Crossing the campus to Philips' HomeLab, sited on the hallowed grounds of the Dutch inventors' research campus, I gave an anticipatory shudder. I'd heard plenty about this mysterious living laboratory, and imagined it to be the sort of place where once-willing inmates spend weeks on end performing mundane tasks by rote while shadowy figures skulk behind one-way mirrors.
Needless to say, it's not at all like that. HomeLab is a squat brick building with huge lettering proudly proclaiming its entrance. And it was made clear to the assembled journalists that Philips' top brass have no truck with inventors stuck away in labs working on clever items that no one needs. So no USB ashtrays for motorcyclists or talking rubber ducks telling you how many dead skin cells you've forgotten to slough off in the bath, then.
Instead, HomeLab confirmed the practical applications of technologies such as Ambilight -- an award-winning lighting surround system for your flat-screen TV that enhances the atmosphere of your living room as well as reducing the strain of staring at an electric light-tube.
Although the idea wasn't born in HomeLab, it was tested here and found to have genuine benefits. The point of HomeLab is to create an environment in which people can live in harmony with technology without having to think about how to use it. Mood-sensitive fabrics with LEDs woven into them may soon be used for curtains and wall coverings. Fully functioning products using this phototonic fabric included glowing cushions that could comfort a child afraid of the dark or be used to receive text and answerphone messages, while rucksacks and other wearable items would also be able to store small amounts of data and be customizable using embedded colored lights.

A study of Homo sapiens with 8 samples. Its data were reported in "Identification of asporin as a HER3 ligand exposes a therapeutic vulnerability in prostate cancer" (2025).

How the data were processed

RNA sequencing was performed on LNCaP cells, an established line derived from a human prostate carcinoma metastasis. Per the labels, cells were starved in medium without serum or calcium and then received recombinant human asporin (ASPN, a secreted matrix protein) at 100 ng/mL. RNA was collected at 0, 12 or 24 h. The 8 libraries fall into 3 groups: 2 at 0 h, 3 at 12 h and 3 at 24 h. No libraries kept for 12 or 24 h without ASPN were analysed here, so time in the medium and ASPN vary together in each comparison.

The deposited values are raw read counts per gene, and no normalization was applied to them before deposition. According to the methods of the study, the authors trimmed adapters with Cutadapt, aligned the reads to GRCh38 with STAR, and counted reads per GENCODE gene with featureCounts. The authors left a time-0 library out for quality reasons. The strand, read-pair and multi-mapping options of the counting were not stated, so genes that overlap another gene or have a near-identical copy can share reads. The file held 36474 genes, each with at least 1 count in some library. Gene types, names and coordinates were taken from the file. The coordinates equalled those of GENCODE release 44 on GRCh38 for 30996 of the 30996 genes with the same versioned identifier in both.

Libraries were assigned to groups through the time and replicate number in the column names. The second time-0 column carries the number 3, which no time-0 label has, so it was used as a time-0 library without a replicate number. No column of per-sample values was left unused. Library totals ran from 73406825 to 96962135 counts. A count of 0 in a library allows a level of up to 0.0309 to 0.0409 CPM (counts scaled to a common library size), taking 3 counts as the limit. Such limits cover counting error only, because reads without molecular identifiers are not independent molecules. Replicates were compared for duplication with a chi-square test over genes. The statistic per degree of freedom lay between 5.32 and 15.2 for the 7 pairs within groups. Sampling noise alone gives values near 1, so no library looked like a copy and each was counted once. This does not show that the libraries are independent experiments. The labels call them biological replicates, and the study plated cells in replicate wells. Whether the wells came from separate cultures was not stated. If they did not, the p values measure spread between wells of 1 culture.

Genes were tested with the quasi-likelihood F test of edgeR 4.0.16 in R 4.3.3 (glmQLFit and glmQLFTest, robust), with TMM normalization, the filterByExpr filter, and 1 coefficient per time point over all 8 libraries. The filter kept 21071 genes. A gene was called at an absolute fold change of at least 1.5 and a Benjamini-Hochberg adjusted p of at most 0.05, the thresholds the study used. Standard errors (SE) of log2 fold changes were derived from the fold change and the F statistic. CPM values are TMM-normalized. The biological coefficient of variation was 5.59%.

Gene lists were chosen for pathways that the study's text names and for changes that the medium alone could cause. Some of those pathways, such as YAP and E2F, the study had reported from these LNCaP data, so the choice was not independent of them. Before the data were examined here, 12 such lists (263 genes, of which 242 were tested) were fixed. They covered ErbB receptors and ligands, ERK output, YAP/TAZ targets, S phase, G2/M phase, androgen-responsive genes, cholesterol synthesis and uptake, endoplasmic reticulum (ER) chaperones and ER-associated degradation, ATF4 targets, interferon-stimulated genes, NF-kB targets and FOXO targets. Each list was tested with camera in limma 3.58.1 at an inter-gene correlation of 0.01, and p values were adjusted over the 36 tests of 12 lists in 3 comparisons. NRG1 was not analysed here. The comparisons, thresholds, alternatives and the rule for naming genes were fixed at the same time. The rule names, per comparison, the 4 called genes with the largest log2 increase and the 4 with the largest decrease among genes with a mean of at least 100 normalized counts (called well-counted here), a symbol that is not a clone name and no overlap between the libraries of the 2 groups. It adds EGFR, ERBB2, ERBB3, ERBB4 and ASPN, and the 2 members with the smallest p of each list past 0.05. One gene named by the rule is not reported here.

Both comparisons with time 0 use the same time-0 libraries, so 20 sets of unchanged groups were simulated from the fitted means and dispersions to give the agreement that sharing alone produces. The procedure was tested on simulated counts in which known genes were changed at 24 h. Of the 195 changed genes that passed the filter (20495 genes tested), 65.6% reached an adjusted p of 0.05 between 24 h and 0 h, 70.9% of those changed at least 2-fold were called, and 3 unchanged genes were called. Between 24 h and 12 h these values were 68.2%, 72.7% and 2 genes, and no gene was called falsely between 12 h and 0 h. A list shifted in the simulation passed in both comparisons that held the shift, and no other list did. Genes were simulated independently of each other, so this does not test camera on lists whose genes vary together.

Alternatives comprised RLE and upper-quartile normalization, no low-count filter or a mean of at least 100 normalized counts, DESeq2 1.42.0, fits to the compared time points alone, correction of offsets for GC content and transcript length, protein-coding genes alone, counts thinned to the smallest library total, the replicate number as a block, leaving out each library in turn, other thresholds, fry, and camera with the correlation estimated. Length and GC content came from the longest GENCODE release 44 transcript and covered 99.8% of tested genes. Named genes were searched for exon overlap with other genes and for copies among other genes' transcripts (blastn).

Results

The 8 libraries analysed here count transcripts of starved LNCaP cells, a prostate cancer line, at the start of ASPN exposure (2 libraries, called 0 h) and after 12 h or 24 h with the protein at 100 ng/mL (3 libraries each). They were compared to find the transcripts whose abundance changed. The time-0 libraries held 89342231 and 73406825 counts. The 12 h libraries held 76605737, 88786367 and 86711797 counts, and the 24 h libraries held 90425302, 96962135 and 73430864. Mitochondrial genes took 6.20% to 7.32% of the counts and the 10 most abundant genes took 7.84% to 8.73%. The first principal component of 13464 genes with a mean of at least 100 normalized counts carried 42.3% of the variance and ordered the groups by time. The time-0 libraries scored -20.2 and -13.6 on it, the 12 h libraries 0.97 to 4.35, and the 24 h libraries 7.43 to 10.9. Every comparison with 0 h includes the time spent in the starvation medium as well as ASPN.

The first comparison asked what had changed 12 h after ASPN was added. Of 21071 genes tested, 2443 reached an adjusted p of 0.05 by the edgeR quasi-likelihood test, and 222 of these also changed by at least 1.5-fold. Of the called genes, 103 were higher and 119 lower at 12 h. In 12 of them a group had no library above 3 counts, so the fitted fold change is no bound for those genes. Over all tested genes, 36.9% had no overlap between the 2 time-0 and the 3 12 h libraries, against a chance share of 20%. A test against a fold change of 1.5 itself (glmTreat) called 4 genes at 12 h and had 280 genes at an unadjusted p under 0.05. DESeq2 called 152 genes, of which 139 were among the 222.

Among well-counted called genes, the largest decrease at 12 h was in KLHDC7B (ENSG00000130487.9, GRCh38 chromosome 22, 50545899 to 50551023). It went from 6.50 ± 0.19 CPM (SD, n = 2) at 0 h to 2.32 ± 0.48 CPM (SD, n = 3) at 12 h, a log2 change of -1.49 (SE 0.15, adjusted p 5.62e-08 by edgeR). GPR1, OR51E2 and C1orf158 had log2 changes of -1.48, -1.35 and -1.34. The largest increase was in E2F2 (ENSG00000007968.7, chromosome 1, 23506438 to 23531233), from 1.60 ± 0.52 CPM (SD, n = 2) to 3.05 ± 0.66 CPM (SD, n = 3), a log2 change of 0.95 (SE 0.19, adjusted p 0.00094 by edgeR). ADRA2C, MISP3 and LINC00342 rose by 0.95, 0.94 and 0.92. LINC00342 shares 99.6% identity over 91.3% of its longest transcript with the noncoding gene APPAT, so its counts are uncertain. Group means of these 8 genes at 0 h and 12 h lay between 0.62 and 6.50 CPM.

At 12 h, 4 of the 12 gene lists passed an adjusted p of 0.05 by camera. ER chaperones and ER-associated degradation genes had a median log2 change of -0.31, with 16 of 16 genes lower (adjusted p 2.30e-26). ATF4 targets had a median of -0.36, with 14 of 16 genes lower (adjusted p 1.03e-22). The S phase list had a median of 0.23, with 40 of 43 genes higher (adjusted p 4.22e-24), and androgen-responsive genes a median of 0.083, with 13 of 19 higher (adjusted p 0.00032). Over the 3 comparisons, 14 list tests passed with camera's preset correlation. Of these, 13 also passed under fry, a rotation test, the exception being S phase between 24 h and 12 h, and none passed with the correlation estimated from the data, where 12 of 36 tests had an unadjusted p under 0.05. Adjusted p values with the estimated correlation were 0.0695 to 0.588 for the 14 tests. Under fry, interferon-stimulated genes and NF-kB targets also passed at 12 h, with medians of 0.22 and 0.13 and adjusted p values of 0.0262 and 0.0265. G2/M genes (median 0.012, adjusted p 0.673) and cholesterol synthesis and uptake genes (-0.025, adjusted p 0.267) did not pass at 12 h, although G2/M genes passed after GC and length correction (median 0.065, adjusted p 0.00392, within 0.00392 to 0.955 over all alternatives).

Philips set up HomeLab three years ago with the intention of sneaking a peek at how people use technology and interact with it on a day-to-day basis -- as opposed to how technicians and inventors assume we do, and what it suits manufacturers to expect of consumers. An extension of the Ambilight idea combines Philips' pedigree in lighting, consumer electronics and the health-care market.
Technicians demonstrated a bathroom in which the lighting gradually turned on and gained intensity, rather than jolting visitors awake.
Approach its interactive mirror and scales embedded in the floor and optical sensors will establish which family member you are and provide appropriate information and advice. For instance, diabetics may be prompted to perform an insulin check; those with high blood pressure may be told to take their daily dose of tablets, while teenage fitness freaks are given encouragement about improving fitness levels, and so on.
A related Philips innovation, the MiraTV, has already found favor in hotels. It enables guests to check traffic and weather conditions as well as adjusting their attire in a mirrored TV panel. Feel like asserting your authority over the wired-up homes? Well, rather than randomly stabbing buttons on a remote control, you can speak to -- and get a reply from -- a pseudo-animated object such as a flexible light or a somewhat freakish-looking cat. So perhaps there is something unsettling about HomeLab after all.